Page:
Ethiopia is known as the birthplace of coffee. While there are legends surrounding the original story, the coffee tree as we know it today originated in Ethiopia. As it’s told, Ethiopian farmers first learned of coffee’s existence by witnessing its energy-boosting effects. A goat herder was tending to his flock when he noticed his goats eating small red cherries. They were full of energy when they ate them and would not sleep at night.
The goat herder told this to a local monk, who started making drinks from the fruit to keep him awake at night while studying. Word spread, and the rest is history. Then, the Dutch helped take it across the Red Sea to Yemen and later to many other parts of the world.
Now, Ethiopia is widely regarded as one of the greatest places to grow and enjoy coffee. It’s common to find coffee from Ethiopia being served at any specialty coffee shop.
Ethiopian Coffee Ceremonies
We talk a lot about how coffee fosters community and how drinking coffee is an activity often done together. Ethiopia’s coffee culture is no exception.
Read more about coffee culture in Papua New Guinea and how coffee is part of China’s growing agricultural space!
One of the most notable aspects of their culture is the famous Ethiopian coffee ceremony. These ceremonies last anywhere from 1 to 3 hours and are taken very seriously. Because it is shared amongst friends and family, an invitation to such a ceremony esteems much honor.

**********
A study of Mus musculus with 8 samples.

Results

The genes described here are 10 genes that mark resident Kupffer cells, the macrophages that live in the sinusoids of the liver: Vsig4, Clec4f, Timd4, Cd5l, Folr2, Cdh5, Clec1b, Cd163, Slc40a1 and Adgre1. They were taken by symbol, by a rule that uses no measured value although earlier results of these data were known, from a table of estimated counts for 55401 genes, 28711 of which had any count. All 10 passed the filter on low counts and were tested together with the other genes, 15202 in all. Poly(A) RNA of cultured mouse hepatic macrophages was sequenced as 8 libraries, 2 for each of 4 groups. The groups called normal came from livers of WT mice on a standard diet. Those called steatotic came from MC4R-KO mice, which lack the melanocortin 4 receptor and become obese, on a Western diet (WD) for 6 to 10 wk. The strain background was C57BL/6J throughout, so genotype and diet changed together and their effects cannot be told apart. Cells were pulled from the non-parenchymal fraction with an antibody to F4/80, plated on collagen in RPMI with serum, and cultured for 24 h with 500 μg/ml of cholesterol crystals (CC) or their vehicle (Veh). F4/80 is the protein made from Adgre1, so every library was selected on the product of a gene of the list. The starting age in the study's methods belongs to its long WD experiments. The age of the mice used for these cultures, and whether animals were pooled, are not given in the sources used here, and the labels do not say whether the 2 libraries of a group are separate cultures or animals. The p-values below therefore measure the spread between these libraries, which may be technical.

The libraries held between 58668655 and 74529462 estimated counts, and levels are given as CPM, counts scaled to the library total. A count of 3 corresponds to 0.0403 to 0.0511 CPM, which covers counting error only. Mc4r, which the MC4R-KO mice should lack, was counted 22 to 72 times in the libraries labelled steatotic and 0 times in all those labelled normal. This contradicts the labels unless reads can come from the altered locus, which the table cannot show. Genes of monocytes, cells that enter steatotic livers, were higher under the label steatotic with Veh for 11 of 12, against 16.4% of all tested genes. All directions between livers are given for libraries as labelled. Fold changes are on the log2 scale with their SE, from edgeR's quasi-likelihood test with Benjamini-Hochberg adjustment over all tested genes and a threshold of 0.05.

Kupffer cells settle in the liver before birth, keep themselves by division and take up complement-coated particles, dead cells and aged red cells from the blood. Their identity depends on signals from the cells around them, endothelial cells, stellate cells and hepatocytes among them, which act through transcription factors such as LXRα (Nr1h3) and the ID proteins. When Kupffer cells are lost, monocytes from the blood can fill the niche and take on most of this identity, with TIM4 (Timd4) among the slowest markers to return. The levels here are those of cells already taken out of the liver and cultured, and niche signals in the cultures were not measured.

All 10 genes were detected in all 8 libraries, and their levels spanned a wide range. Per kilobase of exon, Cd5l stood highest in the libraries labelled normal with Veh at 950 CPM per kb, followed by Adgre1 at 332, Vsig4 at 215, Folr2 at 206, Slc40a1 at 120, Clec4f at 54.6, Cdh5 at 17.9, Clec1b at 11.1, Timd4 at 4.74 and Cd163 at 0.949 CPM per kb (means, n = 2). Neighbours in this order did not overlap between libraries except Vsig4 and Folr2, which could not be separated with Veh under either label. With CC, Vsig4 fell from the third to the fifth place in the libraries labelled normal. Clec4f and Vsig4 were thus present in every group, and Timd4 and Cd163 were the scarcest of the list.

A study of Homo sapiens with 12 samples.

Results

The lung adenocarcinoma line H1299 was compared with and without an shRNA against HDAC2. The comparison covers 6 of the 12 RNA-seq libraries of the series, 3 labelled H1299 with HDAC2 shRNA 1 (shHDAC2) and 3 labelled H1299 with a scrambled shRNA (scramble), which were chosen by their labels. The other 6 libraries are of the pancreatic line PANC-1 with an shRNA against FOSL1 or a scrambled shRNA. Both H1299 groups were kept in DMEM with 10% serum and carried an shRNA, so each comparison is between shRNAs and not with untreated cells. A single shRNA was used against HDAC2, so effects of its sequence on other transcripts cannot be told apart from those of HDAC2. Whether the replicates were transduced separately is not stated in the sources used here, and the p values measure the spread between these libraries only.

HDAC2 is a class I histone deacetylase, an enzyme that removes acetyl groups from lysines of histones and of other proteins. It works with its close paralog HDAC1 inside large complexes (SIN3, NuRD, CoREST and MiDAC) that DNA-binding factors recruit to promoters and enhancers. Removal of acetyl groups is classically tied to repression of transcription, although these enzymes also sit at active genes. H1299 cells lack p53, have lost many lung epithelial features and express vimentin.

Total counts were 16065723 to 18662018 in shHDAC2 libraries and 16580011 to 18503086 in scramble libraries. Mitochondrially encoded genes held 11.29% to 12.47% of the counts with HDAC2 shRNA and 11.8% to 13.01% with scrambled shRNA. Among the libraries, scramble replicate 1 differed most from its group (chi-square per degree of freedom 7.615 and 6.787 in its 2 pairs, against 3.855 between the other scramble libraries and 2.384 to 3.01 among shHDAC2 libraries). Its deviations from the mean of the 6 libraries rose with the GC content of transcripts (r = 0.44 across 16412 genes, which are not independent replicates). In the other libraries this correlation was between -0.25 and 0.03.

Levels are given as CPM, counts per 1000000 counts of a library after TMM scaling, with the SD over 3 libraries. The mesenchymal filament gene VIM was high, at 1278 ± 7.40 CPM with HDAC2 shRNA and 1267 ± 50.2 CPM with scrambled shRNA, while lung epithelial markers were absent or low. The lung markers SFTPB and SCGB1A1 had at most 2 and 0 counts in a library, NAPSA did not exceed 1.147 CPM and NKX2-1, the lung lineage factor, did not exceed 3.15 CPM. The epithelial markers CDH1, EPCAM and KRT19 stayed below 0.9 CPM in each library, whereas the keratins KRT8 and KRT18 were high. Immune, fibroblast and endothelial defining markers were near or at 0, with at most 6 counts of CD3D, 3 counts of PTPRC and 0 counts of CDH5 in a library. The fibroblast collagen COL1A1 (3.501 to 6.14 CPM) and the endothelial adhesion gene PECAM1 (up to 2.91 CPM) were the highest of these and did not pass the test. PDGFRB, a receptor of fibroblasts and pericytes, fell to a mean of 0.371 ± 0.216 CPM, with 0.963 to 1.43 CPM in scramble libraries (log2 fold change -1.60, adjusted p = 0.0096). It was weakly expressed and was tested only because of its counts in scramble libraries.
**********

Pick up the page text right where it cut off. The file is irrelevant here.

The preparation of coffee can take a couple of hours since the coffee cherries are washed and roasted before brewing. They’re roasted in a specific type of flat pan, and then the coffee is brewed in a traditional clay pot called a jebena.
The aromas of each step of the process are meant to be shared and enjoyed. During the washing of the beans, the roasting, brewing, and enjoying the final product, conversation is to be warmly invited and much of the purpose behind the process. The social aspect of this ceremony is unparalleled.
Ethiopian Coffee Culture
In Ethiopia, coffee is produced more than in any other country in continental Africa. Roughly 50% of the coffee is exported, and the rest is enjoyed domestically. Ethiopia also domestically consumes coffee more than any other country in Africa.
Our Ethiopian heirloom coffee comes from the Oromia region, the largest in Ethiopia. It is home to slightly more than half of the country’s total coffee production. We work with local farmers to provide them with a reliable and fair income so they can care for their farms and families!
Ethiopia has rich coffee culture and excellent-tasting coffee. See for yourself! Try our Ethiopia and other single-origin coffees today.